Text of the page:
IATP Intern Jill Carlson and I are working on putting together ideas around localization, governance, agroecology, autonomy, deepdeliberativeparticipatorycognitive democracy and agroecology (which I sometimes airily call our “Agrodemocracy” project, though I am loathe to invent new terms when so many good ones abound). One of the things I see in the world around me are things anticipated by late Nobel Laureate Elinor Ostrom (among others, of course). Like a number of fundamental works I’ve spent quality time with, her Governing the Commons has so very many insights to draw on, most of which are forgotten, glossed over or (as I myself was guilty of in grad school) not truly and deeply read even by those reading (or assigned to read) it.

I can’t promise this will actually be an ongoing series, but one of the things I’ve wanted to do is Blog Governing the Commons and even just note, or reproduce, some of the items that catch my eye. Many of them could be (and/or have been) entire dissertations unto themselves. Marking them here, I hope to spur conversation and closer consideration, so commentary from me on any given post may be kept to a minimum, simply for time’s sake, but marking out this space and idea for return and reflection.

One last brief point: many point to Ostrom’s own admonitions that her findings come from very specific (though frequent) situations of common pool resources, which have given properties that doesn’t apply by any means to all public goods (i.e., those things that provide benefits for many but where it is hard or impossible to charge users individually and exclude those who don’t pay). That said, what I think some mistake this for is the idea that her findings then don’t apply outside of the types of systems she studied. This, at the least, has not been proven — it is better to say, the rigorous findings of her work combining theory, experiments, and systematic study and observation of real world examples are solidly established for common pool resources; they may apply more generally but how far and when they do is not well-studied. In other words, rather than saying that the tools people have used to govern resource use in her examples can’t be used for other systems, we should be asking how and when we can use the sets of tools (or “operating principles”) that she and her collaborators, rivals, and successors have found in other systems.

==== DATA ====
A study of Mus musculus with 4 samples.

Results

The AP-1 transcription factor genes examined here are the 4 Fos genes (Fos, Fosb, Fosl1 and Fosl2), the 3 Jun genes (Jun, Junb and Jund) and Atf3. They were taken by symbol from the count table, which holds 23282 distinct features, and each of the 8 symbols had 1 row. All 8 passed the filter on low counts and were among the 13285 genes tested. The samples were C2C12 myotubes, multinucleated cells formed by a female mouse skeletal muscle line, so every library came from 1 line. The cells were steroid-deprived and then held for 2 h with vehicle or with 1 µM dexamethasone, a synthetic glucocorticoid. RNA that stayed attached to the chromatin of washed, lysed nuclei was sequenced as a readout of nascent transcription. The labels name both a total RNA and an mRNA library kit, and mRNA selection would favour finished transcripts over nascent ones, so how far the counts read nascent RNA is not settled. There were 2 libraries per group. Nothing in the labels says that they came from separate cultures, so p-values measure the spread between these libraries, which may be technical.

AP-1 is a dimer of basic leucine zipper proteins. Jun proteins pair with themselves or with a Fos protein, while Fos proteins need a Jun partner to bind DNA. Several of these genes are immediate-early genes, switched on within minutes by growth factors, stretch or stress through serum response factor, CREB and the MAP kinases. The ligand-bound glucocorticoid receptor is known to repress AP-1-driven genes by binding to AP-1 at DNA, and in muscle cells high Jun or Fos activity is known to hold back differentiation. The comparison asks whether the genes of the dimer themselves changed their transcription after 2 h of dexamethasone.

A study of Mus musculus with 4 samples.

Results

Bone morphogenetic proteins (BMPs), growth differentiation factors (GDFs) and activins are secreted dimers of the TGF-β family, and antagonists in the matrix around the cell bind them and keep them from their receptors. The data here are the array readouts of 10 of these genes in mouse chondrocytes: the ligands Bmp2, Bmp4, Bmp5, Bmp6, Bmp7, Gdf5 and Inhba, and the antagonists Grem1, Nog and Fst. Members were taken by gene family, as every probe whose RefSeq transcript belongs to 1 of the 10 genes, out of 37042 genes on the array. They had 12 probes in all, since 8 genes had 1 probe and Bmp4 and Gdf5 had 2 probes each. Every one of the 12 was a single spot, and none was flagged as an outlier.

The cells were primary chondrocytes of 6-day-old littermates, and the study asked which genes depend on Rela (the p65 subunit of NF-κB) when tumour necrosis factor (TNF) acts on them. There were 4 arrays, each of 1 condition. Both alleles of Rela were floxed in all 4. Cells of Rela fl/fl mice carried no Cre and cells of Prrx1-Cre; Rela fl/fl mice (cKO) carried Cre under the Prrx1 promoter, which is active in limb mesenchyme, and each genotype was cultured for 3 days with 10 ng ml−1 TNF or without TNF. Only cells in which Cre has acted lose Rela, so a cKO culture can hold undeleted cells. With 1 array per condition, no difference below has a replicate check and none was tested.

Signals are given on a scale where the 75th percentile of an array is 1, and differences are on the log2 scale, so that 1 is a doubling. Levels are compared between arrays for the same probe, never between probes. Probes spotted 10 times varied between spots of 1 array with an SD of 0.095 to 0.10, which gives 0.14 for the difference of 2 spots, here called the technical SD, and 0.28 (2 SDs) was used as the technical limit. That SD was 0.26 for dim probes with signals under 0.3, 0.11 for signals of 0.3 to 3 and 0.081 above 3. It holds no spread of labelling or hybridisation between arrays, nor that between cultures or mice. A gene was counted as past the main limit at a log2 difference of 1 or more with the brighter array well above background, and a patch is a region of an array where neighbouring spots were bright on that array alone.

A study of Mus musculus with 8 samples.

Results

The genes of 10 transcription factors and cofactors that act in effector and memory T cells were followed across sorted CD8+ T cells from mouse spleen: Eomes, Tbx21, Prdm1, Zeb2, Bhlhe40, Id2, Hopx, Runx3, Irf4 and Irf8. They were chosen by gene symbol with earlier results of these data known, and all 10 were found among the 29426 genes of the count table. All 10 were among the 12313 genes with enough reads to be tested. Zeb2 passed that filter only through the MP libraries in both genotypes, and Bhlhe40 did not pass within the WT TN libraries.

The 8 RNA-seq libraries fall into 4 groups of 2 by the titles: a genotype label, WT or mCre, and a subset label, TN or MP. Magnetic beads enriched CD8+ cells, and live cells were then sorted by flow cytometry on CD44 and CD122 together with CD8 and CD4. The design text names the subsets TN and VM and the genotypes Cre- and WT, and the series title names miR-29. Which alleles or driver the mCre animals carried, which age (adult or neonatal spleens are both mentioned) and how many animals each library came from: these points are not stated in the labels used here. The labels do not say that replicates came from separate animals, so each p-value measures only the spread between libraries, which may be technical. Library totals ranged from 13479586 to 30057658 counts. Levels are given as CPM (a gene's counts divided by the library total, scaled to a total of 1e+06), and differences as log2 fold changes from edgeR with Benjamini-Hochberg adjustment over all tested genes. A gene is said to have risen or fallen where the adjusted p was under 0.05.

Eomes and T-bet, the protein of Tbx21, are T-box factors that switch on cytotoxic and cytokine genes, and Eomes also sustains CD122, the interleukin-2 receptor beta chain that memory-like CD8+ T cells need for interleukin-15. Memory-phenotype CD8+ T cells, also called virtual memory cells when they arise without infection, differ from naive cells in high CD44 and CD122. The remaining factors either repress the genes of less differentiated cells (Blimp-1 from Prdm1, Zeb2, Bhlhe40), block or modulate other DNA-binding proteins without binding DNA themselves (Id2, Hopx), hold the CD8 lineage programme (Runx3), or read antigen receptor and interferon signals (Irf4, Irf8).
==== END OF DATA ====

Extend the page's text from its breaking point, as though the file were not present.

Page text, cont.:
The Wright Brothers’ flight in North Carolina on Thursday, December 17, 1903, did not mean that flight was only possible on Thursdays, during the winter, in the morning, in North Carolina, when going into a freezing headwind. Their work — and others’ — set the path for the diversity of flying we see is possible today. The mechanics and applications had to be worked out, tested, re-jiggered, re-invented, re-pioneered by them and by others, but we know how to make a plane (and other contraptions) go in a wide variety of circumstances now. If that is true of “technological technology”, why can’t it be true of “social technology”? Why can’t the innovations made by people around the world for 100s and 1000s of years, as elucidated and analyzed by Ostrom and by others, be worked out, re-jiggered, re-invented, re-pioneered, and re-adjusted for the wider diversity of situations where they might be of use?

This informal blog series may just draw attention to some interesting ideas here and there, but it is in service to answering this question — and going beyond it, to encouraging and supporting the many existing pioneers living these ideas, and finding ways to support, encourage, and pioneer more ways to re-invent, establish, and spread the “next gen” of “democratic technologies”, and to see how they fit and may reinforce agroecology, food sovereignty, equity, and sustainability.